NCPA - National Center for Policy Analysis


June 8, 2010

As Wal-Mart Stores Inc. has grown into the largest grocery seller in the United States, local activists and union groups have been the public face of much of the resistance.  But in scores of cases, large supermarket chains including Supervalu Inc., Safeway Inc. and Ahold NV have retained Saint Consulting to block Wal-Mart, according to hundreds of pages of Saint documents reviewed by the Wall Street Journal and interviews with former employees. 

Saint has jokingly called its staff the "Wal-Mart killers."  P. Michael Saint, the company's founder, declines to discuss specific clients or campaigns.  When read a partial list of the company's supermarket clients, he responds that "if those names are true, I would say I was proud that some of the largest, most sophisticated companies were so pleased with our success and discretion that they hired us over the years." 

Supermarkets that have funded campaigns to stop Wal-Mart are concerned about having to match the retailing giant's low prices lest they lose market share: 

  • Although they have managed to stop some projects, they haven't put much of a dent in Wal-Mart's growth in the United States, where it has more than 2,700 supercenters -- large stores that sell groceries and general merchandise.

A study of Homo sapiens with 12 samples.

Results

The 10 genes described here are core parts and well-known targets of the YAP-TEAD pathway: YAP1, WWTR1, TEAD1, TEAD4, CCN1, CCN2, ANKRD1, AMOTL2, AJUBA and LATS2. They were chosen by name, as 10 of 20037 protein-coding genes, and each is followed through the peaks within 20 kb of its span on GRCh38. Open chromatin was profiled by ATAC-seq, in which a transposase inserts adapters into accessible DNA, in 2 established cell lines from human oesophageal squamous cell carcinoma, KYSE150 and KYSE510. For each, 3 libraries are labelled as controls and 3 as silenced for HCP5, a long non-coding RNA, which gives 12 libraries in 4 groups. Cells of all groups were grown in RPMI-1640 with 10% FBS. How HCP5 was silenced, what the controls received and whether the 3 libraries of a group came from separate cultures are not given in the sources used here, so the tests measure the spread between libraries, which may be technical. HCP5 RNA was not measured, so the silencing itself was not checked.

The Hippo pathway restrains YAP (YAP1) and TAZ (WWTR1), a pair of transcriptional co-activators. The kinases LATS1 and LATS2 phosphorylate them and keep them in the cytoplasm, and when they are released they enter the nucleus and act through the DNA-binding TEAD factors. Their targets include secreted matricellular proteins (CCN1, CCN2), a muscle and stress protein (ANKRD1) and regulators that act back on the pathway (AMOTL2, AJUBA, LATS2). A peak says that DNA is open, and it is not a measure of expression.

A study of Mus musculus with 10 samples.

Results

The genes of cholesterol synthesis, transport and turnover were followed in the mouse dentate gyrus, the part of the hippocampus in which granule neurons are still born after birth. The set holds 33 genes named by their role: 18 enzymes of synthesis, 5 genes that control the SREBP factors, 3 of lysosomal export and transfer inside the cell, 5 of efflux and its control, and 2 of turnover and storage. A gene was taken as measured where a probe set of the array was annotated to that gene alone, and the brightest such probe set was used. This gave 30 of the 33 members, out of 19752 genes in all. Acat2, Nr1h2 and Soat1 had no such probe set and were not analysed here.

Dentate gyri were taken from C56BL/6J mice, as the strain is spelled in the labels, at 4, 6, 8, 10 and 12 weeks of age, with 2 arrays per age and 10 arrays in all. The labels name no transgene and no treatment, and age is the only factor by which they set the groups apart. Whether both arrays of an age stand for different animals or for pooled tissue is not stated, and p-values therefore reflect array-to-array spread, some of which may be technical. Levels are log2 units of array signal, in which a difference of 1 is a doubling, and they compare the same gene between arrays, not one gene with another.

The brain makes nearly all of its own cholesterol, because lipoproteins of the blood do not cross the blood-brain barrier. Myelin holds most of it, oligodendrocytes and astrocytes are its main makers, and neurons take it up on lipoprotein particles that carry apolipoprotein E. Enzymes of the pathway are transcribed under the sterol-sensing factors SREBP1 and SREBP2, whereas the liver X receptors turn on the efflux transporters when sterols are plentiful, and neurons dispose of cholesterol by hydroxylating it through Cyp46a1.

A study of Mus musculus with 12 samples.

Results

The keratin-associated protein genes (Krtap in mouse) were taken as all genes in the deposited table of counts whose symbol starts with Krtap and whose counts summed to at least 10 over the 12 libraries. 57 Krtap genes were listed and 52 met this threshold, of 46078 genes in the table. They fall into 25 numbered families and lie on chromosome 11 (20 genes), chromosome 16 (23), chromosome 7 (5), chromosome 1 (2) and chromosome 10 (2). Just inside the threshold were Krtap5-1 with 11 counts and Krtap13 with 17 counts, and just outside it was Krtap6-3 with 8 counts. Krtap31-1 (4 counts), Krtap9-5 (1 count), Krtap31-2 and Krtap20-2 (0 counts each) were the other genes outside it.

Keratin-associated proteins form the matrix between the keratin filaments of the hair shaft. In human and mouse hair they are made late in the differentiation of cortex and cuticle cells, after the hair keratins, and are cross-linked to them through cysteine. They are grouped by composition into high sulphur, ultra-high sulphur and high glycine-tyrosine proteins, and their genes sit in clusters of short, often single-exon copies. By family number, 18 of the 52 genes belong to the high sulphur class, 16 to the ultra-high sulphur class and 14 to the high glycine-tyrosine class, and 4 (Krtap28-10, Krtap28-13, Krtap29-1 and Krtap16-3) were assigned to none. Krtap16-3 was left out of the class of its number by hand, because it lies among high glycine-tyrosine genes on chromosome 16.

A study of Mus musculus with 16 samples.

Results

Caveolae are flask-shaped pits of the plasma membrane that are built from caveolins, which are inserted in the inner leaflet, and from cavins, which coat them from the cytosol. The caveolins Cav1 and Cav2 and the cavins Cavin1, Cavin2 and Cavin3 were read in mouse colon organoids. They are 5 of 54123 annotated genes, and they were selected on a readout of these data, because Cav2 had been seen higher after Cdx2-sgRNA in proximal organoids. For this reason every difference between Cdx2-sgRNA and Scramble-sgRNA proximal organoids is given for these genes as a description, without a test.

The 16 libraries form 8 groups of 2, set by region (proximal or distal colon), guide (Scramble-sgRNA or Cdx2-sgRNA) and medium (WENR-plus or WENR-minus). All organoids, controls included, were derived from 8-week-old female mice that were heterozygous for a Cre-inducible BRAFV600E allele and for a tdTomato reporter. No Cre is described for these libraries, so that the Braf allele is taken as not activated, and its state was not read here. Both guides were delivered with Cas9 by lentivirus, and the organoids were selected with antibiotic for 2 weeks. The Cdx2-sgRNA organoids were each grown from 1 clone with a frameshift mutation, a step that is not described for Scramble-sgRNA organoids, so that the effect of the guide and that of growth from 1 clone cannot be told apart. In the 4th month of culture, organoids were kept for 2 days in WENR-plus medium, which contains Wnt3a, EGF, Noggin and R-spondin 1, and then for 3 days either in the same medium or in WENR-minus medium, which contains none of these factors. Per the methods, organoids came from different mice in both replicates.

• Last year, 51 percent of Wal-Mart's $258 billion in U.S. revenue came from grocery sales.  

In many cases, the pitched battles have more than doubled the amount of time it takes Wal-Mart to open a store, says a person close to the company.  And the fights generate negative publicity for the retailer: 

  • In Mundelein, a town of 35,000 about 20 miles northwest of Chicago, it was Supervalu, a national grocer based in Eden Prairie, Minn., that hired Saint to work behind the scenes, according to Saint documents.
  • Supervalu's objective was to block Wal-Mart from competing with its nine Jewel-Osco supermarkets located within three to 10 miles of the proposed shopping center, the documents indicate.
  • City officials say the effort stalled the development for three years and cost Mundelein millions in lost property and sales taxes. 

Source: Ann Zimmerman, "Rival Chains Secretly Fund Opposition to Wal-Mart," Wall Street Journal, June 7, 2010.